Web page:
Elegance, Ease in a Myers Park Tudor
WHEN ANDREA SMITH hired designer Anne Buresh to brighten up her family’s Tudor-style home on Queens Road West last summer, she issued a challenge: Have the house ready to host the street’s holiday party in December.
“It pushes us,” Buresh says of the deadline. “We all know that feeling. You have company coming and you start cleaning out your closet.”
The Smiths bought the home in 2015, and their chief complaint was how gloomy the rooms felt. “It kind of looked like a dark log cabin,” Smith says. “I’m big into light, and it just had dark chandeliers, dark wood paneling—just dark.”
After agreeing to focus on just the first floor, Buresh set out on an aggressive schedule to brighten and lighten the space, including the foyer, family room, dining room, and a billiards room. When she meets new clients, Buresh tries to channel the family, to understand how they’ll use the redesigned space. “I almost have to get into character,” Buresh says. “I want to know what they wear, what they do, where they travel, everything about them.”
Buresh needed to strike the right balance: comfortable enough for the Smiths’ three teenagers, but elegant enough for entertaining. Smith is the chief administrative officer for Bank of America and chair of the Charlotte Chamber. “They’re movers and groovers, so they wanted that chicness, but not intimidating at all,” Buresh says.
For the family room, where kids often sit sideways in chairs and sprawl across couches, Buresh chose two deep Hickory Chair sofas, comfortable chairs, and what she describes as a “gargantuan” gray leather ottoman. She paid special attention to the family’s traffic flow through the room, arranging the furniture in a way that made for easy, natural maneuvering. “It’s like a custom suit,” Buresh says. “No matter how much you spend on it or what it looks like, it has to fit.”
One of the trickier design challenges was the billiards room—a space the Smiths wanted to feel bold, almost clubby. “They wanted it to have a punch to it,” Buresh says. The family chose striking red paint and artwork from Picture House Gallery, both of which indicate the house isn’t your typical stuffy Queens Road manor.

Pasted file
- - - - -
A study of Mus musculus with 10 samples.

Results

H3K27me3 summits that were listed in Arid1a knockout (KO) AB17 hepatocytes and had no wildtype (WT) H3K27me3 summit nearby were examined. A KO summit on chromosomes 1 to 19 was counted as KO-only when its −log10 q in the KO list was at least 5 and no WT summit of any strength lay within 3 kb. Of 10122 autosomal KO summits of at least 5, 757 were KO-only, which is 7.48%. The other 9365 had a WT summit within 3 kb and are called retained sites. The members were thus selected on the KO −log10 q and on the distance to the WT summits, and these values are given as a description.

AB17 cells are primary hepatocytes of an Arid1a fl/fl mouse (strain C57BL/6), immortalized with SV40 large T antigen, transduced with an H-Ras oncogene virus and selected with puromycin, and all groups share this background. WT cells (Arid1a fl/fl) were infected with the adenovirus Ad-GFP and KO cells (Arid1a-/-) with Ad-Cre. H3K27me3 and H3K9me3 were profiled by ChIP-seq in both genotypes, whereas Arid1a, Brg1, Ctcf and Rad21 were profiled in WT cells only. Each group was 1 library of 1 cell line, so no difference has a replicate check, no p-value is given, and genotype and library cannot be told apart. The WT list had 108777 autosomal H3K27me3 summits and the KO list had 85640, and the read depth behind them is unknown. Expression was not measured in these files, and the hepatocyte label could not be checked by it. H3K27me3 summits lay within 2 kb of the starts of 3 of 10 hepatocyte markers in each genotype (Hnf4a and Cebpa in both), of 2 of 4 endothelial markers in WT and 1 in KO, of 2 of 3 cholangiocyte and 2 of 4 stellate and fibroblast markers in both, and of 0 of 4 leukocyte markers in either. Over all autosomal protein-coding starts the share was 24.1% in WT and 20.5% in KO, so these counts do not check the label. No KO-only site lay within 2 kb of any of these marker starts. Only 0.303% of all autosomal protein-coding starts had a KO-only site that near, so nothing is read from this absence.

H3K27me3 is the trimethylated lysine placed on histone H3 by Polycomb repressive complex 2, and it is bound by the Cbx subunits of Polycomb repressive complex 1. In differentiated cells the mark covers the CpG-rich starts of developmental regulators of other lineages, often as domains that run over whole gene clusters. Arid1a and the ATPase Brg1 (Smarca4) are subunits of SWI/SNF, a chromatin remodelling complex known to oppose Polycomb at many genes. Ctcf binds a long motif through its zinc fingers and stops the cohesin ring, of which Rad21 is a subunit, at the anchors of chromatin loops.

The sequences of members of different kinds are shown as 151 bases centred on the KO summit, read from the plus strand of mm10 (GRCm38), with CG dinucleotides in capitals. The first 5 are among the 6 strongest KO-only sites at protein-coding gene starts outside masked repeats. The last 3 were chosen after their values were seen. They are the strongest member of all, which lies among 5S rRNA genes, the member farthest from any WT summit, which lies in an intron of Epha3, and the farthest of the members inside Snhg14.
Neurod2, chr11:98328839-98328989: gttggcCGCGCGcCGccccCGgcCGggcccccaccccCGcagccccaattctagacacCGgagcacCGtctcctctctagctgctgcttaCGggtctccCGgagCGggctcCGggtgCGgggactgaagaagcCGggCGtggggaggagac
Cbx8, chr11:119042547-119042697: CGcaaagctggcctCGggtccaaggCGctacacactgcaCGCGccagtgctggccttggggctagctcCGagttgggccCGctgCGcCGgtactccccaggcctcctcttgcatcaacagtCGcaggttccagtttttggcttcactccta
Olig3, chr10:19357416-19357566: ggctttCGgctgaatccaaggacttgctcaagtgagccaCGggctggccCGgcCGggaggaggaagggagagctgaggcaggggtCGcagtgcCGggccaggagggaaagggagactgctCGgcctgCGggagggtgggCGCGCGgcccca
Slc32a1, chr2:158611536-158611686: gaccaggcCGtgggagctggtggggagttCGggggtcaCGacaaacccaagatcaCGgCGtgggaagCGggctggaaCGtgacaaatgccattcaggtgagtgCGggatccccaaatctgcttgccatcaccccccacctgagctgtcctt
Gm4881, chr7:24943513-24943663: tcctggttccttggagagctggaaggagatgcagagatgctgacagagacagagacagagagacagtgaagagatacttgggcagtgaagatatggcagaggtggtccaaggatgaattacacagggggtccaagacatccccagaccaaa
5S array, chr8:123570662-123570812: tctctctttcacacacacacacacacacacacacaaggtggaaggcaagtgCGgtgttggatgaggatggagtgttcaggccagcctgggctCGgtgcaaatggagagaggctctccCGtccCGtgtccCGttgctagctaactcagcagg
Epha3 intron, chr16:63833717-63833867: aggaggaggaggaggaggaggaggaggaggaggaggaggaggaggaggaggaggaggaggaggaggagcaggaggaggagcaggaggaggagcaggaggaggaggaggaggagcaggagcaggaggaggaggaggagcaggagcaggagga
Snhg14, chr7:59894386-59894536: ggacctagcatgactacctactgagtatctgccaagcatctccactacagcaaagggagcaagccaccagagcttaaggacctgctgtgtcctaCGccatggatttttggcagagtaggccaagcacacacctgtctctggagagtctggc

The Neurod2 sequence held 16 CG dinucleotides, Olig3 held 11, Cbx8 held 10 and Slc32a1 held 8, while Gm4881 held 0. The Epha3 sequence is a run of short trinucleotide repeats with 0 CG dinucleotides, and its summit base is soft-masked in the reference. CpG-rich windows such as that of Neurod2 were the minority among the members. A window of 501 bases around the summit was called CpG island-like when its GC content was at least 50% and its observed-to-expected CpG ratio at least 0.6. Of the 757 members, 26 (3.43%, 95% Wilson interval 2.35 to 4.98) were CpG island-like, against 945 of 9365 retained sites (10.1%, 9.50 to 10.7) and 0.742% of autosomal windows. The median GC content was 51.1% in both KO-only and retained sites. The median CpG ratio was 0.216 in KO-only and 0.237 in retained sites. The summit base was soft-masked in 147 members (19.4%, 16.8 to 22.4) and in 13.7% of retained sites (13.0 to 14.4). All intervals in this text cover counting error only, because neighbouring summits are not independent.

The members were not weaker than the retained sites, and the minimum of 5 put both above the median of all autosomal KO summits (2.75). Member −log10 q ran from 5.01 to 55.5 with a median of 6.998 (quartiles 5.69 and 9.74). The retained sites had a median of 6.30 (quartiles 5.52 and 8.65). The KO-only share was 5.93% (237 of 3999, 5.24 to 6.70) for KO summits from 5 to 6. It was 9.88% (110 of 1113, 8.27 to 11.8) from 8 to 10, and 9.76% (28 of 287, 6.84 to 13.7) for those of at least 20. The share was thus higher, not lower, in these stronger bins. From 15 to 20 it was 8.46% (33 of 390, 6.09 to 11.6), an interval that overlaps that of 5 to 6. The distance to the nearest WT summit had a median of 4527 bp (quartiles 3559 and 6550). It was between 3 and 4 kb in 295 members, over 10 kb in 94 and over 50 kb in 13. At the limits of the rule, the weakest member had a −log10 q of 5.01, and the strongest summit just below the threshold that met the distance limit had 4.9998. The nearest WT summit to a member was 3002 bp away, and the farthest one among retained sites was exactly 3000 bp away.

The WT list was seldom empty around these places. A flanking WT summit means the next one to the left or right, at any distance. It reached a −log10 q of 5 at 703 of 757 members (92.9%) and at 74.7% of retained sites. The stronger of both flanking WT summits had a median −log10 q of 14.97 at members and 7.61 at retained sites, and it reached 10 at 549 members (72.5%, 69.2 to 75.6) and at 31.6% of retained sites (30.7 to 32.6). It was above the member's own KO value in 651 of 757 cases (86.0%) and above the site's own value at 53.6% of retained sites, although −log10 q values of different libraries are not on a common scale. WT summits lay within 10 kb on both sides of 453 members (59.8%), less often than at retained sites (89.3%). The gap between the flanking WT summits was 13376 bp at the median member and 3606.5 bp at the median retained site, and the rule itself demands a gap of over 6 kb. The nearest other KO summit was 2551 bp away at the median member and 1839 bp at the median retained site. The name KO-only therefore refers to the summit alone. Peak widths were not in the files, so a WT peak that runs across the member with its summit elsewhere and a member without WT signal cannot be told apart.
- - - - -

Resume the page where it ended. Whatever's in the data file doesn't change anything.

To soften the transition to other rooms in the house, Buresh added a blue-gray Stark rug with a muted design, along with simple linen drapes.
Shades of soft blue appear throughout the first floor: in throw pillows on the family room couches, in a dining room rug, and in complementary landscape artwork on the walls. Pleated silk curtains—hung as high toward the ceiling as possible—lift the dining room, making the space feel larger and, consequently, brighter.
Smith’s busy professional life became an asset during the redesign.
“She’s on the quarter-hour when I’m there, and I’m very aware of that,” Buresh says. “I have all my ducks in a row before I get there.”
With the Christmas party looming, Smith and her husband, Sean, knew they couldn’t agonize about their style choices. “(Buresh) would show us a few things, and we would pick, pick, pick,” Smith says. “We know what we like; we’re quick to prioritize.”
The house, of course, was ready in time for its debut. Guests entered the foyer, walked past the custom Tritter Feefer console table and a stunning painting from Picture House Gallery, and drifted through the open floor plan, mingling from one room to the next. The party, a Queens Road West tradition, was a success.